Evaluating the efficacy of an integrated smoking cessation intervention for mental health patients: study protocol for a randomised controlled trialReport as inadecuate





, 15:266

First Online: 05 July 2014Received: 06 March 2014Accepted: 17 June 2014DOI: 10.1186-1745-6215-15-266

Cite this article as: Metse, A.P., Bowman, J.A., Wye, P. et al. Trials 2014 15: 266. doi:10.1186-1745-6215-15-266

Abstract

BackgroundSmoking rates, and associated negative health outcomes, are disproportionately high among people with mental illness compared to the general population. Smoke-free policies within mental health hospitals can positively impact on patients’ motivation and self-efficacy to address their smoking. However, without post-discharge support, preadmission smoking behaviours typically resume. This protocol describes a randomised controlled trial that aims to assess the efficacy of linking mental health inpatients to community-based smoking cessation supports upon discharge as a means of reducing smoking prevalence.

Methods-DesignEight hundred participants with acute mental illness will be recruited into the randomised controlled trial whilst inpatients at one of four psychiatric inpatient facilities in the state of New South Wales, Australia. After completing a baseline interview, participants will be randomly allocated to receive either: ‘Supported Care’, a multimodal smoking cessation intervention; or ‘Normal Care’, consisting of existing hospital care only. The ‘Supported Care’ intervention will consist of a brief motivational interview and a package of self-help material for abstaining from smoking whilst in hospital, and, following discharge, 16 weeks of motivational telephone-based counselling, 12 weeks of free nicotine replacement therapy, and a referral to the Quitline. Data will be collected at 1, 6 and 12 months post-discharge via computer-assisted telephone interview. The primary outcomes are abstinence from smoking 7-day point prevalence and prolonged cessation, and secondary outcomes comprise daily cigarette consumption, nicotine dependence, quit attempts, and readiness to change smoking behaviour.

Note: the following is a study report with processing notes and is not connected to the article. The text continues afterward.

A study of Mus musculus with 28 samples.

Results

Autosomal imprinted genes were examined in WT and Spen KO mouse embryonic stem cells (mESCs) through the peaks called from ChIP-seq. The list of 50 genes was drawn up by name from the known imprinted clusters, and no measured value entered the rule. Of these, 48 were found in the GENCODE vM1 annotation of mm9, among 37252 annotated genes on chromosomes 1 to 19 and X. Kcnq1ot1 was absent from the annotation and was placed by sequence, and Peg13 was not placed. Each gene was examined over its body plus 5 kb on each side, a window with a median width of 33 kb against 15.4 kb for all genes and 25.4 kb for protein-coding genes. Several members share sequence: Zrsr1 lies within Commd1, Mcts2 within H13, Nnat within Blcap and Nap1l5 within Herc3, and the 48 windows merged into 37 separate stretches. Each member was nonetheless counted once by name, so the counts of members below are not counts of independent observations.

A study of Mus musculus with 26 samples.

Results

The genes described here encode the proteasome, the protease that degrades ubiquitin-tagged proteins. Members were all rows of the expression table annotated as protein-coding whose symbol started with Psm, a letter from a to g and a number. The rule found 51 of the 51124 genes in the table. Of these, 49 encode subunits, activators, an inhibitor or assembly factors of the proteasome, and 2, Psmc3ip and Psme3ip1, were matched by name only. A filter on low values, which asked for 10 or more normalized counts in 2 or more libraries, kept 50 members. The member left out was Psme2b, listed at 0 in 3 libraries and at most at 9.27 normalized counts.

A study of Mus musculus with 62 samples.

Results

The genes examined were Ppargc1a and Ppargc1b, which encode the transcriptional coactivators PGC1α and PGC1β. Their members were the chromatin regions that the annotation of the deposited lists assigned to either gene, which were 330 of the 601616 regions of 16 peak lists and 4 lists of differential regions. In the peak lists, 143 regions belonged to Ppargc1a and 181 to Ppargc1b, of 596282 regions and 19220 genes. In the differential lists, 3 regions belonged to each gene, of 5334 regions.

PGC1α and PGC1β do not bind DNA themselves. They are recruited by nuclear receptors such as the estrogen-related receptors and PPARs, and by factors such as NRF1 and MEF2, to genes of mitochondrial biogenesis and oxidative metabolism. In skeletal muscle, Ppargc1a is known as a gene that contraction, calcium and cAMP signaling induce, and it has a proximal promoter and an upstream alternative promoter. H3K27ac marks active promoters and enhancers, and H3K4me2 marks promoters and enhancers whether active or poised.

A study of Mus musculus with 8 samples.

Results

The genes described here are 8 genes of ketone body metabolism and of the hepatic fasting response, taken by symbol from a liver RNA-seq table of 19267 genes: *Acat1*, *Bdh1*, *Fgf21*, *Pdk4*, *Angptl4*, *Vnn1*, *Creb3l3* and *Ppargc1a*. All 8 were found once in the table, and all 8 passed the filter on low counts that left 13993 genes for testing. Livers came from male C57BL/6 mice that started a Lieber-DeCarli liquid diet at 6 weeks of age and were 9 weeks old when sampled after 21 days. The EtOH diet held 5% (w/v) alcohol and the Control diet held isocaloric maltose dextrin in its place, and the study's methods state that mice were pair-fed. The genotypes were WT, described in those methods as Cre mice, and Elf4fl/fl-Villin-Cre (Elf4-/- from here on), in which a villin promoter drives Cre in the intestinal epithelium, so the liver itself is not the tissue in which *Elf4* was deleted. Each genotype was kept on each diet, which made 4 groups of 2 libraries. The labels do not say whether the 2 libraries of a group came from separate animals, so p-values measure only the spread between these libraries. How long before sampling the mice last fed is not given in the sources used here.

DiscussionIf shown to be effective, the study will provide evidence in support of systemic changes in the provision of smoking cessation care to patients following discharge from psychiatric inpatient facilities.

Trial registrationAustralian New Zealand Clinical Trials Registry ANZTCN:ACTRN12612001042831. Date registered: 28 September 2012.

KeywordsSmoking cessation Mental illness Inpatient Community Multimodal intervention AbbreviationsCATIcomputer-assisted telephone interview

NRTnicotine replacement therapy.

Electronic supplementary materialThe online version of this article doi:10.1186-1745-6215-15-266 contains supplementary material, which is available to authorized users.